Channing Tatum won me over with his performances in “21 Jump Street” and “Magic Mike”… or at least the Directors and Editors did. If you want to see the blind leading the blind, go no further than 2009′s “G.I. Joe: The Rise of Cobra”. In that film, Hollywood’s worst director, Stephen Sommers, succeeds in getting a performance from Tatum that’s as plastic as the toys it was based upon. Throw on top of that a script full of plot holes, bargain basement VFX and Marlon Wayans and you’ve got yourself a war on good taste. Fortunately, Paramount Pictures 86′d Sommers and brought in the next wave of Joes. “G.I. Joe: Retaliation” should’ve instead been titled “Resuscitation”, because that’s exactly what it does: breathes life into a franchise that all but had its dog tags sent home.
Here’s where things pick up: Duke (Tatum) and his best bud Roadblock (Dwayne Johnson) are out in the field when an ambush just about wipes out the team. Under the radar of both sides, what’s left of the G.I. Joes assembles and investigates. They uncover a plot by the terrorist group, Cobra, involving an imposter embedded in the White House, acting as Commander in Chief (Jonathan Pryce). With the decoy POTUS setting the stage for a global nuclear war, the Cobra Commander, is now free to hold the world hostage for complete domination. Little does he know, Roadblock, Lady Jaye (Adrianne Palicki), Flint (D.J. Cotrona) and Snake Eyes (Ray Park) are ready to come out of hiding and set things right.
It’s a pretty simple story that’s not unlike most of the “Mission: Impossible” movies that have Ethan Hunt disavowed, but it’s well told. Or at least well enough. The glaring failure of the first installment could do nothing but make the sequel shine that much better – regardless of expectations. But the dialogue is both playful and a little more realistic. Anyone who cringed at exchanges like “You and what Army?” “MY Army!” in the first film will like “Retaliation’s” Roadblock advising Duke that he needs better catchphrases.
Director Jon M. Chu, best known for the last two “Step Up” films, has the unenviable task of inheriting a film that has its predecessor working against it. I think it’s safe to say that all we ever wanted from a G.I. Joe movie is a halfway decent actioner with cool vehicles and the familiar characters we grew up with. It didn’t have to be Citizen Kane (nor should it be), but it shouldn’t be insulting to the intelligence of the fans who had better adventures with the toys in their backyards. Just because you’re making a live-action cartoon, doesn’t mean you need to aim it exclusively to eight year olds. Thankfully, Chu is able to deliver on the promise that Sommers never could. Yes, there are better action movies out there, but there are also plenty worse. Let’s face it, “G.I. Joe: Retaliation” is more about nostalgia and blowing things up than reinventing the wheel… and as far as I’m concerned, there’s nothing wrong with that.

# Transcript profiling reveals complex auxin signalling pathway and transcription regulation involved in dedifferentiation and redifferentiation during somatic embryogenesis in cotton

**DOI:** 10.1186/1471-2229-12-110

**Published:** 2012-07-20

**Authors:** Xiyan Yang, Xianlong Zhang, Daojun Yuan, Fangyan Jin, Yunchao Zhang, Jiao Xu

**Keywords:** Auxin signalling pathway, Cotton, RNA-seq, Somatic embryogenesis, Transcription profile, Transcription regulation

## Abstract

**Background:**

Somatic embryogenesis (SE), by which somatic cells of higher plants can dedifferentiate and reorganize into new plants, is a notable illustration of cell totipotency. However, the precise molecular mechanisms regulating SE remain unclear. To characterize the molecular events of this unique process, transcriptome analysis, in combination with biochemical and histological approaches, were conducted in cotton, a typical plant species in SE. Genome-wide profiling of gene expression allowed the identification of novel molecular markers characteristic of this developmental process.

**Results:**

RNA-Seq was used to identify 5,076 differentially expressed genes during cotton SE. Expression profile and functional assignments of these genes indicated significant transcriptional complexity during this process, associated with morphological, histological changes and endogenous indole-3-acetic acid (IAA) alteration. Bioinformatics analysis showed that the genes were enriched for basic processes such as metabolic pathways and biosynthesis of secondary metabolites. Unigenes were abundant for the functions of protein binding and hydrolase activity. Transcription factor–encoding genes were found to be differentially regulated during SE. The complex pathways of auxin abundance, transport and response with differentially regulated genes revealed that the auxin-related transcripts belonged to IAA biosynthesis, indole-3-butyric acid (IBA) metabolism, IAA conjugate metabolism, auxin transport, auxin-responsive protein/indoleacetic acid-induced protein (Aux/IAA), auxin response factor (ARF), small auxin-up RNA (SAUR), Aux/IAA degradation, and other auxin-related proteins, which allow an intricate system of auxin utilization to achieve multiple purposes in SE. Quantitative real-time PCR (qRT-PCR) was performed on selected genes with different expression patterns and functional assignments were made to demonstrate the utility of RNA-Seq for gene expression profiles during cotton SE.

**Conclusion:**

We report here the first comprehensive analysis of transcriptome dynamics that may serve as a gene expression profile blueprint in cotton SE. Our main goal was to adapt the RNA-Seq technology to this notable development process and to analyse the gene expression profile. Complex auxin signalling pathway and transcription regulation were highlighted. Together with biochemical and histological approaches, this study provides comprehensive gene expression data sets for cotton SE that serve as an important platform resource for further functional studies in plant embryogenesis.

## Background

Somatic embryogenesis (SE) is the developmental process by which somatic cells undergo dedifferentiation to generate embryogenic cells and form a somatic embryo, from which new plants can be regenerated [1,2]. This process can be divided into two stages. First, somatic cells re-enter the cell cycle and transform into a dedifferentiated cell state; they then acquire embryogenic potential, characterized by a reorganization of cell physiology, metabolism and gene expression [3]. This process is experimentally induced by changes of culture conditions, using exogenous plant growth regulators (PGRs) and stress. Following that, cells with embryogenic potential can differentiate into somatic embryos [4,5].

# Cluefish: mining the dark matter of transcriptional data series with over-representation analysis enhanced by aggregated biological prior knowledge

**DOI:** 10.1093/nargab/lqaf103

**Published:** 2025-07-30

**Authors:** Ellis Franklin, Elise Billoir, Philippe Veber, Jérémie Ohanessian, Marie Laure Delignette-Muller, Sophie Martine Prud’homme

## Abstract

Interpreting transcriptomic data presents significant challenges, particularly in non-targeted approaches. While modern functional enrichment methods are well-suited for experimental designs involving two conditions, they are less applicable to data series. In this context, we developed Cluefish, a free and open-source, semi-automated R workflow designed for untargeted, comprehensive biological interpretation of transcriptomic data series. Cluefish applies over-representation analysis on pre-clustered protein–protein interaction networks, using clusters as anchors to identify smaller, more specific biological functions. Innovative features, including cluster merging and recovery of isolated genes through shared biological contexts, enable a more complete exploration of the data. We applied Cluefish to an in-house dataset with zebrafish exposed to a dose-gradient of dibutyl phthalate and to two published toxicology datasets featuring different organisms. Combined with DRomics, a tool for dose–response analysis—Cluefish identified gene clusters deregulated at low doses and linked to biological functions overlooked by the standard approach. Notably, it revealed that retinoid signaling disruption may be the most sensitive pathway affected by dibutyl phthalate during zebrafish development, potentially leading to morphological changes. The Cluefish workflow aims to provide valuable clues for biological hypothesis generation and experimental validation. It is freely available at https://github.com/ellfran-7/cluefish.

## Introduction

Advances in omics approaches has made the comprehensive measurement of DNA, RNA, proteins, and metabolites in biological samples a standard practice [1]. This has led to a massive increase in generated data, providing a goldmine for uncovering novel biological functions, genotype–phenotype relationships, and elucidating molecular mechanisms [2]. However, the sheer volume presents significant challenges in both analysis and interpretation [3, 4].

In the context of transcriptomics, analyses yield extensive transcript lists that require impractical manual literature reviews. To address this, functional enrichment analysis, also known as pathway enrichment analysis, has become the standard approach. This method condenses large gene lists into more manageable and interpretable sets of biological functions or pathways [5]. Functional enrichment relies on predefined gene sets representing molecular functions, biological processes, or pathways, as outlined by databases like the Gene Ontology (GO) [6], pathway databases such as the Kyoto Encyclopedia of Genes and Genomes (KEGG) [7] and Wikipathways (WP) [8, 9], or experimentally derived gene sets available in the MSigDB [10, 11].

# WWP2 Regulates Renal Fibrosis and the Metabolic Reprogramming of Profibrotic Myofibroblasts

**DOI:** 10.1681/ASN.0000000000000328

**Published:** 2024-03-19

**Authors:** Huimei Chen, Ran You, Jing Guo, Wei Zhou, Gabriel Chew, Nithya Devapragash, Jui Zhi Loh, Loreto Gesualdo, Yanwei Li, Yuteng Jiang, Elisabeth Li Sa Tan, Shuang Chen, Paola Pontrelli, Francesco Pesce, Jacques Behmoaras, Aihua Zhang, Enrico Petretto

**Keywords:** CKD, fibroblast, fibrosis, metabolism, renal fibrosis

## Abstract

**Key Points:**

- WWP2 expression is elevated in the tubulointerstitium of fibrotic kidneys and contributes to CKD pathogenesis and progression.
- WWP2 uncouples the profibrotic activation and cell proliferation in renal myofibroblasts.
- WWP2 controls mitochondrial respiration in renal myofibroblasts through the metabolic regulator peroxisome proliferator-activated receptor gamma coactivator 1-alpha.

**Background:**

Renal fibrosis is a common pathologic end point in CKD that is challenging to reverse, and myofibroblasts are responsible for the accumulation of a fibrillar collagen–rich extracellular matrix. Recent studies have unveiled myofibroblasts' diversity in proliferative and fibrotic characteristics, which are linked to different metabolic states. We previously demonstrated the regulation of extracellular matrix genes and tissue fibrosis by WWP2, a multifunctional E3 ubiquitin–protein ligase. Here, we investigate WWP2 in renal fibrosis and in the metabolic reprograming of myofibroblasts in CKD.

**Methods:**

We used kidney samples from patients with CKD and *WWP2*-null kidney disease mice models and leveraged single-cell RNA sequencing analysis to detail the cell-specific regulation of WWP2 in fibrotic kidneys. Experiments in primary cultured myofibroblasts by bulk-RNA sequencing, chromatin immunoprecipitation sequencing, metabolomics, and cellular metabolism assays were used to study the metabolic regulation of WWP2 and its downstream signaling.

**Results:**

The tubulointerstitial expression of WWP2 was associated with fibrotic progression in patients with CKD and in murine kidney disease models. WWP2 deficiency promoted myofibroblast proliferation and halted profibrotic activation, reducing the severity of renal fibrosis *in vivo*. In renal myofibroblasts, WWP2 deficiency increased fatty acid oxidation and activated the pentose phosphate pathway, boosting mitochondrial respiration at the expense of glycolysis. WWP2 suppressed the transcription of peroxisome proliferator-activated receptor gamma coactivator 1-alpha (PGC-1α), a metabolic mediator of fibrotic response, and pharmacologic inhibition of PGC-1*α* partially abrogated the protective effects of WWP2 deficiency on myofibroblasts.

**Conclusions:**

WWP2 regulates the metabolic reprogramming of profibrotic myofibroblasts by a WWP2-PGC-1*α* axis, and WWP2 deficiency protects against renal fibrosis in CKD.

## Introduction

Speaking of things that go “boom”, Chu is able to step up the franchise’s special effects, too. Though CG explosions seem to be in vogue right now (see “Die Hard 5″), “Retaliation” uses computer graphics to blend well with practical effects, giving the movie a more natural feel. Nothing ever stands out as being CG or phony, even if there’s no question that it was. One particular scene has Snake Eyes fighting an army of ninjas while repelling down a mountain. It’s certainly one of the more breathtaking action scenes to hit theaters in awhile and never feels like it was done in front of a green screen. Of course, it never hurts having an actor who’s skilled in stunts like Ray “Darth Maul” Park to help sell such a scene. But really, without great, expensive-looking action a movie like this is nothing and the filmmakers clearly kept that in mind this go-round.
In the end, “G.I. Joe: Retaliation” is a generic action movie with brand-name characters. It gets 3 out of 4 devils for being as delicious as the popcorn that accompanied it. I highly recommend seeing it on the big screen, with big sound in all of its 3D fun. This isn’t a movie that will change your life, but it might’ve rocked the world of the eight year old you.
Now stop beating around the bush and make the Mr. Potato Head movie already, Hasbro!